Recent breakthroughs in disease treatment, shifting global populations, and new demands for patient safety have all led to a new generation of injectable compounds. Monoclonal antibodies, multivalent vaccines, and recombinant peptides are just some of the complex, highly sensitive compounds in development today. And as drug complexity increases, so do the challenges of ensuring drug stability.
The right filling process starts with the right questions
Biologic compounds are inherently unstable and sensitive to external conditions; therefore, the development of a robust, repeatable filling process focused on maintaining stability as the compound moves through clinical development is critical. To do that, it’s important to answer some key questions:
How sensitive is the compound to the filling process? To the filtration process?
How robust without deviation from specification can I make my filling process?
Is the drug product compatible with related components like rubber stoppers and closure systems?
What materials are suitable for these components? Is pretreatment necessary?
How much silicone can the substance endure?
Once answers to these questions are established, a filling process that accounts for the many variables involved can be developed. Attention to this process in the early stages can help ensure stability will be maintained during the transition from clinical to commercial filling.
The complexity of today’s compounds influences many aspects of the filling process. The first is the filtration, which must be specifically designed for these sensitive compounds. Multistep filtration processes may have to be developed to prevent protein aggregation during pooling and to eliminate leaching of the final drug solution, for example. And recirculation of the compounded drug substance may be necessary to maintain the targeted drug concentration.
Higher dose concentrations, often desired by manufacturers looking to maximize drug efficacy or patient convenience, pose challenges in the filling process, they are often liable to dry to the surfaces of filling needles reducing filling diameters or drug yield. They also present a challenge during sterile filtration with degradation via increased protein aggregation.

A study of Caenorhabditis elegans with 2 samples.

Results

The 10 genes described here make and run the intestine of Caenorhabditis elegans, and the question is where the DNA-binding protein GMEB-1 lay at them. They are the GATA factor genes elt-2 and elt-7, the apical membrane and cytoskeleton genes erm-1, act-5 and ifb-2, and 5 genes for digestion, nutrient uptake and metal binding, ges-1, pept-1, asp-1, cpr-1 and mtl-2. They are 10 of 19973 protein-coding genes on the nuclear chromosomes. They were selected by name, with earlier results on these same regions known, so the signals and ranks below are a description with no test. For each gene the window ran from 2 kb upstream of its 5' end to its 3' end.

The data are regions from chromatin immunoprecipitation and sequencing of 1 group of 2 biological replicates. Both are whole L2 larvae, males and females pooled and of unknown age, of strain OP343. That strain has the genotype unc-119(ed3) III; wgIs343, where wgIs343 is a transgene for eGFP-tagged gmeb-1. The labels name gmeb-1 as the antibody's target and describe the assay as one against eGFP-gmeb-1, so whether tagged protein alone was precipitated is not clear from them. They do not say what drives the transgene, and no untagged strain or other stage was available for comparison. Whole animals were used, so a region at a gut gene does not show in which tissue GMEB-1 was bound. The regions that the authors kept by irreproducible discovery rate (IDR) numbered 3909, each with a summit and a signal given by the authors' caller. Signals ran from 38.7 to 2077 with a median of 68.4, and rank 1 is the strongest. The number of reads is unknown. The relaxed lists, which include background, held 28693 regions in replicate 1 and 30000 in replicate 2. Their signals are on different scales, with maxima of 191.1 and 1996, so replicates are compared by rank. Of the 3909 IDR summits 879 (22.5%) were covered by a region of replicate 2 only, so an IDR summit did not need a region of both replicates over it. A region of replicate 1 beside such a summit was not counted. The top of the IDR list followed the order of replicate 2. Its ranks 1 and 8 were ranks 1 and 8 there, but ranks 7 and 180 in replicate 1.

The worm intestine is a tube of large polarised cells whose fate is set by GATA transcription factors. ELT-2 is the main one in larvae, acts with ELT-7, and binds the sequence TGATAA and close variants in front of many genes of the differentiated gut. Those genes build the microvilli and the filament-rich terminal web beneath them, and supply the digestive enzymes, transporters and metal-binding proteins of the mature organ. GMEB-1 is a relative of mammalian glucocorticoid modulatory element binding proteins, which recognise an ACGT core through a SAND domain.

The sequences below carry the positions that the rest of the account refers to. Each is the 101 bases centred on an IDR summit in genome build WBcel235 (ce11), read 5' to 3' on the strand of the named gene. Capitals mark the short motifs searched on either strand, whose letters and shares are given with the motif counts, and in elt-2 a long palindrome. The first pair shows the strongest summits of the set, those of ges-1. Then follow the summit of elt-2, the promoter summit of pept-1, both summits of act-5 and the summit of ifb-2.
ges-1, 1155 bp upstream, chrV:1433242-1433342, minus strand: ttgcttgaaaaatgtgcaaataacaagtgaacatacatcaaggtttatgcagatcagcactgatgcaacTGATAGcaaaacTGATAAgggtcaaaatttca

Analysis is also influenced by the complicated nature of these compounds. By nature, biologics are difficult to analyze correctly and require a higher level of robustness in order to satisfy regulatory requirements. This includes stability analysis, so expertise in the testing and analysis of sensitive compounds is required. Stability tests must be performed starting at formulation development and continuing through qualification, commercial batches, and regulatory release. Ongoing stability studies to assess field shelf life must also be performed once the drug is launched to prevent any potential supply shortages. As stability testing and analysis in complex compounds is so critical, having proper stability storage space and backup systems in place is vital to the success of the analysis.
Vetter’s expertise provides stability solutions
With more than 150 experts and 15 years of experience with complex compounds, Vetter can help to find the answers you need when it comes to drug stability during the filling process. We’ve worked with compounds ranging from monoclonal antibodies to peptides to vaccines. We design each compound’s process with special attention toward maintaining drug stability, employing recirculation and other steps when necessary. Vetter’s analytical and methods transfer expertise, as well as facilities in Chicago and Ravensburg, Germany, offer the ability to provide customer-specific methods transfer. And finally, Vetter offers up to 3972 ft2 in stability storage space.
Monoclonal antibodies are antibodies made in a laboratory from identical immune cells that are clones of a single cell. They are distinct from polyclonal antibodies, which are made from different immune cells.